GREEN BAY—Whether it’s a strange twist of fate or a more-than-once-in-a-blue-moon coincidence, the architects of the three most successful periods in Packers history all essentially left the organization on the same date.
On Feb. 1, 1949, it was simultaneously announced in Green Bay and Chicago that Curly Lambeau had resigned as coach and general manager of the Packers to become head coach and vice president of the Chicago Cardinals. Lambeau mailed his letter of resignation to Packers President Emil Fischer the previous day and then left for Chicago with his third wife, Grace. He met with Ray Bennigsen, president of the Cardinals, the morning of the 1st and the announcement followed.
On Feb. 1, 1968, Vince Lombardi announced at a press conference held at what was then Oneida Golf and Riding Club that he was stepping down as coach of the Packers and turning over the reins to defensive assistant Phil Bengtson, although he would continue as general manager.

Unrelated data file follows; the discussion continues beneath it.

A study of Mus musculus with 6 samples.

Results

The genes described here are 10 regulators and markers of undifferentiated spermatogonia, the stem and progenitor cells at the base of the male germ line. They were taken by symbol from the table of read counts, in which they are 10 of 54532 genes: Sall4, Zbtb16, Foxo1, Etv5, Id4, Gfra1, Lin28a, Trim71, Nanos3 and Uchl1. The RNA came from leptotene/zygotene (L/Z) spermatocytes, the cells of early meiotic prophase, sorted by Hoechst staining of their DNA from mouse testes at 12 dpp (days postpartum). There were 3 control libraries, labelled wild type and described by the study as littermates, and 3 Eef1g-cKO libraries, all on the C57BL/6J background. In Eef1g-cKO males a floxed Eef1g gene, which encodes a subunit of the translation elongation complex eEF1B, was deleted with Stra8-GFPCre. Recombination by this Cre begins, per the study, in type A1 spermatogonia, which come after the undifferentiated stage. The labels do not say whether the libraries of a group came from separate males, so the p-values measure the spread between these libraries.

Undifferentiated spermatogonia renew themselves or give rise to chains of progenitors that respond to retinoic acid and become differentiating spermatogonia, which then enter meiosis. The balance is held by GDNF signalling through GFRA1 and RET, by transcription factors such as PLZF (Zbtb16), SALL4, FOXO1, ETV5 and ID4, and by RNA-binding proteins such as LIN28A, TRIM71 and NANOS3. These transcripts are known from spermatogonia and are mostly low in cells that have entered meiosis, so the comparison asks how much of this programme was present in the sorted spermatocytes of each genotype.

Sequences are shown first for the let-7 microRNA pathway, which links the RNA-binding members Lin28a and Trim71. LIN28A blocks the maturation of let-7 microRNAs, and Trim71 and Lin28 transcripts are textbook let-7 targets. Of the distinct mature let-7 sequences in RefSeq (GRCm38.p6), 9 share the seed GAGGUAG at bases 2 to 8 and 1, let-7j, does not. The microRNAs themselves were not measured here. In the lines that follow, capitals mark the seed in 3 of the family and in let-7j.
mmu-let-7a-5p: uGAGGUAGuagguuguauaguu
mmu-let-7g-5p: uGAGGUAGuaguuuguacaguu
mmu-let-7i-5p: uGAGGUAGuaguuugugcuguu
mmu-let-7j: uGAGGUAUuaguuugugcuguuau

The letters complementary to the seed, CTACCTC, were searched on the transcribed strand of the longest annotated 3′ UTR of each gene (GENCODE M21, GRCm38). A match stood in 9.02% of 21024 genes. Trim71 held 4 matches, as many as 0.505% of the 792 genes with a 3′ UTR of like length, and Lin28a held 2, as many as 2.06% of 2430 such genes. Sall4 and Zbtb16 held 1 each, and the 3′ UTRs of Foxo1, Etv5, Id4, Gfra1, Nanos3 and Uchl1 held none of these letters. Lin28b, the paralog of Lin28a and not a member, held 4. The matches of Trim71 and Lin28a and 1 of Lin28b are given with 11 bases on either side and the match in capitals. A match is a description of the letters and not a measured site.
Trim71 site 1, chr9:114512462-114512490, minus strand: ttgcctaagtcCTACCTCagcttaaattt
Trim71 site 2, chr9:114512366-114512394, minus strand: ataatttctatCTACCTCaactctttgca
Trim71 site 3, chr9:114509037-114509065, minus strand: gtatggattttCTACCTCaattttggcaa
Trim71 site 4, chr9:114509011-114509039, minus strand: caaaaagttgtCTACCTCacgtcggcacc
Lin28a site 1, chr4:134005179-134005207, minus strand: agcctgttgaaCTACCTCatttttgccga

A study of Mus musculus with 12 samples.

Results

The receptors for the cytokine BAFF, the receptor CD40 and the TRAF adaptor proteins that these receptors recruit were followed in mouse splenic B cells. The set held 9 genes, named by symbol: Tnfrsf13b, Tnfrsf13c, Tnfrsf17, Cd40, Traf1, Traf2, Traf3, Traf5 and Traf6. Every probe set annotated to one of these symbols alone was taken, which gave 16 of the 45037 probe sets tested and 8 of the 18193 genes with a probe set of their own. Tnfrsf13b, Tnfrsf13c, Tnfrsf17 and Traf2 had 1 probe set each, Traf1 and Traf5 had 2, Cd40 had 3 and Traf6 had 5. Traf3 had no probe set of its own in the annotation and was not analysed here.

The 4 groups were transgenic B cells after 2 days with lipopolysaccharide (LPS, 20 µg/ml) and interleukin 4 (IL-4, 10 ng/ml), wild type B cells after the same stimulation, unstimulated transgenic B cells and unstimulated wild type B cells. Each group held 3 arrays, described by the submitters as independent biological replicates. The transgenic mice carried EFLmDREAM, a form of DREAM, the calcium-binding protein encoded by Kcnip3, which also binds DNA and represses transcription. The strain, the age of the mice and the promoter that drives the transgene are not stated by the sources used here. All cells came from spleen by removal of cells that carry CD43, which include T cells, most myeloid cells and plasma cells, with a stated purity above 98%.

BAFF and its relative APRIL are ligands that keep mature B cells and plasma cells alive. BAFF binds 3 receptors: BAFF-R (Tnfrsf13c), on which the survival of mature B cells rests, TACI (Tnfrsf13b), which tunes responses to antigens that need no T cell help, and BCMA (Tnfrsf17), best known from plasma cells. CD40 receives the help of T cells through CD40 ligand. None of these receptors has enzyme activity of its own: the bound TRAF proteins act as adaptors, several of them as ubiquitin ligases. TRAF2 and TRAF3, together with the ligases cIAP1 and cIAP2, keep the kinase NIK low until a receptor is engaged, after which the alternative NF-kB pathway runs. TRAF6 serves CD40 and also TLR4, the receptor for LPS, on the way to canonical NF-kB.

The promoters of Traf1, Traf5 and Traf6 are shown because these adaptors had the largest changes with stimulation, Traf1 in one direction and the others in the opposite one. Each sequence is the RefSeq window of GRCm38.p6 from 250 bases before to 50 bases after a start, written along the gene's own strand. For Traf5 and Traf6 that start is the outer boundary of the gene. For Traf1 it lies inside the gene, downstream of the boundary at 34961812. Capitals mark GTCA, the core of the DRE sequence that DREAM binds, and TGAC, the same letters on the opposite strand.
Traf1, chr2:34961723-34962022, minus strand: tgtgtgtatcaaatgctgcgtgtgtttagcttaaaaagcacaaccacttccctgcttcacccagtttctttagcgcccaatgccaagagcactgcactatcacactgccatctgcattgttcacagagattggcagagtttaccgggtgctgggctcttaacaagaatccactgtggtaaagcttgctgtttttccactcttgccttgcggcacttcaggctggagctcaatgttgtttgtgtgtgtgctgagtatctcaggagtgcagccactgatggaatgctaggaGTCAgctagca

A year later to the day – actually it was Saturday night, Feb. 1 – the Washington Post broke the story that Lombardi would ask the Packers to release him from the remaining five years on his contract to become head coach, general manager and part owner of the Washington Redskins. As it turned out, Lombardi waited two days before asking for his release during a meeting with club officials and then had to wait another two days until the Packers board of directors granted it.
It was on Feb. 1, 2001, that Ron Wolf made the stunning announcement that he was retiring as general manager of the Packers at age 62. “You realize you’ve given an awful lot and you have no more to give,” Wolf said. He privately informed team president Bob Harlan six months earlier that he intended to retire. Officially, Wolf’s reign ended on June 1, 2001.
Under those three titans of the game, the Packers won 12 of their record 13 NFL championships, 396 games and compiled a .667 winning percentage. In all, they led the franchise’s football operations for 48 years, including Lombardi’s one season as general manager but not counting Lambeau’s semipro seasons of 1919 and ’20.